Stock market investors warmly embraced President Bush's selection of Ben S. Bernanke to succeed Alan Greenspan as chairman of the Federal Reserve, sending the Dow Jones industrial average up 169.78 points, or 1.7 percent, the biggest rally in six months. Broader stock market gauges also closed higher on Monday.
Bond prices and the dollar fell, indicating some concern that Bernanke will lean more toward promoting economic growth through lower interest rates rather than directing all his attention toward fighting inflation. Rising inflation hurts bonds because it erodes the value of their regular interest payments. It also reduces the value of the dollar.
"The stock market wanted a known quantity, and that's what it got with Bernanke. That was especially important after some other recent Bush appointments appeared to come out of left field," said Russell Lundeberg, chief investment officer at Barrett Capital Management in Richmond. "And it seems like the feeling is he won't continue to raise rates quite as much" as Greenspan or another Fed chairman might have, Lundeberg said.
Wall Street also embraced the noncontroversial nature of the Bernanke nomination, coming as it does after Harriet Miers, Bush's latest choice for a Supreme Court seat, has run into trouble on Capitol Hill. Market strategists say Bernanke is widely viewed as nonpolitical.
"Particularly with the Miers thing going on now, people are going to be very happy with this selection," said William Larkin, fixed-income portfolio manager at Cabot Money Management. "There is not going to be a lot of screaming."
Stock prices, already rising Monday on good earnings reports and lower oil prices, spiked further when rumors of the Bernanke announcement began circulating across trading desks. Many Wall Street traders hope the appointment will be the catalyst the market needs to shrug off a dismal October and stage its traditional fourth-quarter rally.
Monday's early advance held up after the official announcement of Bernanke's nomination and gained steam through the afternoon. The broad Standard & Poor's 500-stock index closed at 1199.38, up 19.79 points, or 1.7 percent. The Nasdaq Stock Market composite index, dominated by technology shares, rose 33.62 points, or 1.6 percent, to close at 2115.83. The rally lifted 28 of the 30 stocks in the Dow and 457 stocks in the S&P 500.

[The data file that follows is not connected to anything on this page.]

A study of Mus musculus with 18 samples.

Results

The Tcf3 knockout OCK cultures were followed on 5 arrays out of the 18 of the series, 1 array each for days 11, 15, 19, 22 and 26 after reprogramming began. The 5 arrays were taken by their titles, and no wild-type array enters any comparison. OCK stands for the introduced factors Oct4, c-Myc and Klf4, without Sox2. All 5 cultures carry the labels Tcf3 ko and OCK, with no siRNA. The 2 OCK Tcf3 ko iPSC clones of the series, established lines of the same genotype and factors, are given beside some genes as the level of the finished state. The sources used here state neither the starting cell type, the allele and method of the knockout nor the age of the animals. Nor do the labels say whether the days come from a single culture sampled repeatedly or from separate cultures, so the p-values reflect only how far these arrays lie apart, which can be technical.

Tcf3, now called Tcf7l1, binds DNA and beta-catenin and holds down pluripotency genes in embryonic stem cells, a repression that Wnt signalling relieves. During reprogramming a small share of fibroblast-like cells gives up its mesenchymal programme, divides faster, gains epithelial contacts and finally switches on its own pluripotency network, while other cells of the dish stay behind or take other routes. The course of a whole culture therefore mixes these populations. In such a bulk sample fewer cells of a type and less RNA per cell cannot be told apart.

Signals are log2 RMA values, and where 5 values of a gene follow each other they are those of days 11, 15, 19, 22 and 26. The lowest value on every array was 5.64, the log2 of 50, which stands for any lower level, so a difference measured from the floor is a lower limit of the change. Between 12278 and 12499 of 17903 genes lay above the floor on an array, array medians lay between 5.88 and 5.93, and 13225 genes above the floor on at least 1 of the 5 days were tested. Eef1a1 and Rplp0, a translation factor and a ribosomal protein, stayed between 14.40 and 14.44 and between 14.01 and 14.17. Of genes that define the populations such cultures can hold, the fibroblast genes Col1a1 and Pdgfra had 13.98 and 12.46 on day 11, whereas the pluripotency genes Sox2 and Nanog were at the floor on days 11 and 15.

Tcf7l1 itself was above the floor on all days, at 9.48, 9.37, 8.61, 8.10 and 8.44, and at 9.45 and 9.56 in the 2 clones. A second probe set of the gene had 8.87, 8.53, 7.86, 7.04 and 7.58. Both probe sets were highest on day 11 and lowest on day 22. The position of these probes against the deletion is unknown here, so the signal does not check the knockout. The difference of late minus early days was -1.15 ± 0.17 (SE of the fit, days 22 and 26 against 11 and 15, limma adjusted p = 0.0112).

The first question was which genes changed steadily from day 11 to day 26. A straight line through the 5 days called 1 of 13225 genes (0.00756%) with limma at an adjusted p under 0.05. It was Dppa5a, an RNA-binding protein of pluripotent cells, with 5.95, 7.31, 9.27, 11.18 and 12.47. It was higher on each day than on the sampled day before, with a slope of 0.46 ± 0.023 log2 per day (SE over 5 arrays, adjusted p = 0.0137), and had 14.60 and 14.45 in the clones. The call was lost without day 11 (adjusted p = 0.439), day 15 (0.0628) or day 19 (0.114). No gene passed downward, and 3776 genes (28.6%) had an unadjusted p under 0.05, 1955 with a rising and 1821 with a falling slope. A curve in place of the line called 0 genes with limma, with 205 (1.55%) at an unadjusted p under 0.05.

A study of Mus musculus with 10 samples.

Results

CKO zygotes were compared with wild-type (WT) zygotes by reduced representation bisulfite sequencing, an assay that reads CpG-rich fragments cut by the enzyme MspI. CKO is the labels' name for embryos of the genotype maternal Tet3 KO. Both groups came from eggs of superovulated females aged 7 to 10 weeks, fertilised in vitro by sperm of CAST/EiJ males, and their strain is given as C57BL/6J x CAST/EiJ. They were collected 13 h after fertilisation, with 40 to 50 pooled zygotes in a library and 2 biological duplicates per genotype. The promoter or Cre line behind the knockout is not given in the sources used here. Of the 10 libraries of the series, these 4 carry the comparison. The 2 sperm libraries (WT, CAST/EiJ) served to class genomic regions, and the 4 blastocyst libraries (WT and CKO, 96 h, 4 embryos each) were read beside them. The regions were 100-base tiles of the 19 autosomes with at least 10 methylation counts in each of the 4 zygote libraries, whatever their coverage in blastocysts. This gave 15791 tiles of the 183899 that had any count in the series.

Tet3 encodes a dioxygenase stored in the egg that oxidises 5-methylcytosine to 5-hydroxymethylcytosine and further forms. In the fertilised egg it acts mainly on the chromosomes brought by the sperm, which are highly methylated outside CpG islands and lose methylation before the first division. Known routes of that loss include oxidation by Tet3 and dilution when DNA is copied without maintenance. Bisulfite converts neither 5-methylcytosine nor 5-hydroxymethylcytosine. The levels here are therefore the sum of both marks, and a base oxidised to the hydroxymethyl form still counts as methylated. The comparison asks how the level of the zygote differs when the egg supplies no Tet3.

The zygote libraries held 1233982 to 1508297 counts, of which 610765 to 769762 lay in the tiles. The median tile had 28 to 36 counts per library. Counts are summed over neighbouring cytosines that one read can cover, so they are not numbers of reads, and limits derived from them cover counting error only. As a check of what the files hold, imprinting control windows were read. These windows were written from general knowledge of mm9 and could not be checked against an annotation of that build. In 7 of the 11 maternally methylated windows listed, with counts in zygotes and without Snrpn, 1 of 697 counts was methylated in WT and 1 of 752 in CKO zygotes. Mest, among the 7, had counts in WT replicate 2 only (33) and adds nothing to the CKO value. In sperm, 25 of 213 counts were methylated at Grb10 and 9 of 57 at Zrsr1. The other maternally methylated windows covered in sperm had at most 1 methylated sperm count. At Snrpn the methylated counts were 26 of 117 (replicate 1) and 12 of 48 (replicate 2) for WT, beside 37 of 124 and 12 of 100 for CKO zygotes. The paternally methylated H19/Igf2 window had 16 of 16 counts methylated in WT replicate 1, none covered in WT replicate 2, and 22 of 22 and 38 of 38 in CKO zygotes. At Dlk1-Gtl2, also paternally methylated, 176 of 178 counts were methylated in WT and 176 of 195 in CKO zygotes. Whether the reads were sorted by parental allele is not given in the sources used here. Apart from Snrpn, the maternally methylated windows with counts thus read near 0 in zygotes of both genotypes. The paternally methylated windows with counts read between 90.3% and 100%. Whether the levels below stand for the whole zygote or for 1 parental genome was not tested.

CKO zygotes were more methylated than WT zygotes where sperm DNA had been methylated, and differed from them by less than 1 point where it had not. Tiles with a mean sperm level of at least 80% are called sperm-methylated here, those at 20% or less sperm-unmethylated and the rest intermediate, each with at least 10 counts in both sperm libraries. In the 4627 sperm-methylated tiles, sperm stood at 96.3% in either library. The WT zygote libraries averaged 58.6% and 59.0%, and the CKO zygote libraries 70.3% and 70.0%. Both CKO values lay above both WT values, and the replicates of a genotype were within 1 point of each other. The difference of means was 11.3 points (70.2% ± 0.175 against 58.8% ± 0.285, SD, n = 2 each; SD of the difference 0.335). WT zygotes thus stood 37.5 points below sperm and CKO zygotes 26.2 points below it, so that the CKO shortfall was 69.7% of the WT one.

The price of the benchmark 10-year Treasury note fell while its yield, which moves in the opposite direction, rose to 4.45 percent. The dollar dropped against the euro and the Japanese yen.
Bond traders and strategists said Monday's drop in Treasury prices did not indicate that the fixed-income market lacks faith in Bernanke's ability to thread the policy needle between promoting growth and fighting rising prices by controlling the money supply. Instead, they said, the reaction indicated a cautious approach as bond investors comb through Bernanke's academic writings to get a clearer sense of his approach.
"I've seen two things from [bond sellers] today, one labeling Bernanke a hawk on inflation, one labeling him a dove," said Christopher J. Mahony, who manages bond portfolios at investment firm J. & W. Seligman & Co. "So there is some concern about just exactly what we are getting here. The market doesn't like change and it doesn't like uncertainty, and there is at least little bit of both here."
Overall, Wall Street strategists praised Bush's choice. David R. Kotok, chairman and chief investment officer at Cumberland Advisors, said Bernanke had established strong academic credentials, especially in the area of balancing inflationary and deflationary pressures.
"If anything he will have a bias against a policy error that could risk serious recession or worse," Kotok said. "In the times we are in, which include shocks like high energy prices and a current account deficit that amounts to 7 percent of gross domestic product, it is better to have a centrist who is not a rigidly hard-line, doctrinaire anti-inflation hawk."
Merck, a Dow component, rose 82 cents, to $27, after the drugmaker's profit rose 7 percent because of lower costs.
Schering-Plough rose 2 cents, to $21.13, after its profits tripled in the third quarter on strong product sales, including the allergy drug Nasonex.
Cendant fell $1.32, to $18.77. The company said it will split itself into four separate publicly traded companies. One will run the Ramada and Howard Johnson hotel chains, one will take over its Orbitz.com and other travel businesses, and the other two will operate its rental car and real estate units, respectively.
Morgan Stanley gained $1.30, to $53.40, after the Wall Street firm announced plans to buy AMLI Residential Properties Trust, a real estate acquisition and management firm, for $2.1 billion. AMLI surged $6.25, or 20 percent, to $37.52.
New York Stock Exchange composite index rose 120.04, to 7374.53.
American Stock Exchange index rose 23.18, to 1621.17.
Russell 2000 index of smaller-company stocks rose 13.87, to 646.60.
NYSE: 2.19 billion shares, down from 2.45 billion on Friday. Advancers outnumbered decliners 3 to 1.
Nasdaq: 1.57 billion shares, down from 1.8 billion. Advancers outnumbered decliners 5 to 2.
Crude oil for December delivery: $60.32, down 31 cents.
Gold for current delivery: $465 a troy ounce, down from $467 on Friday.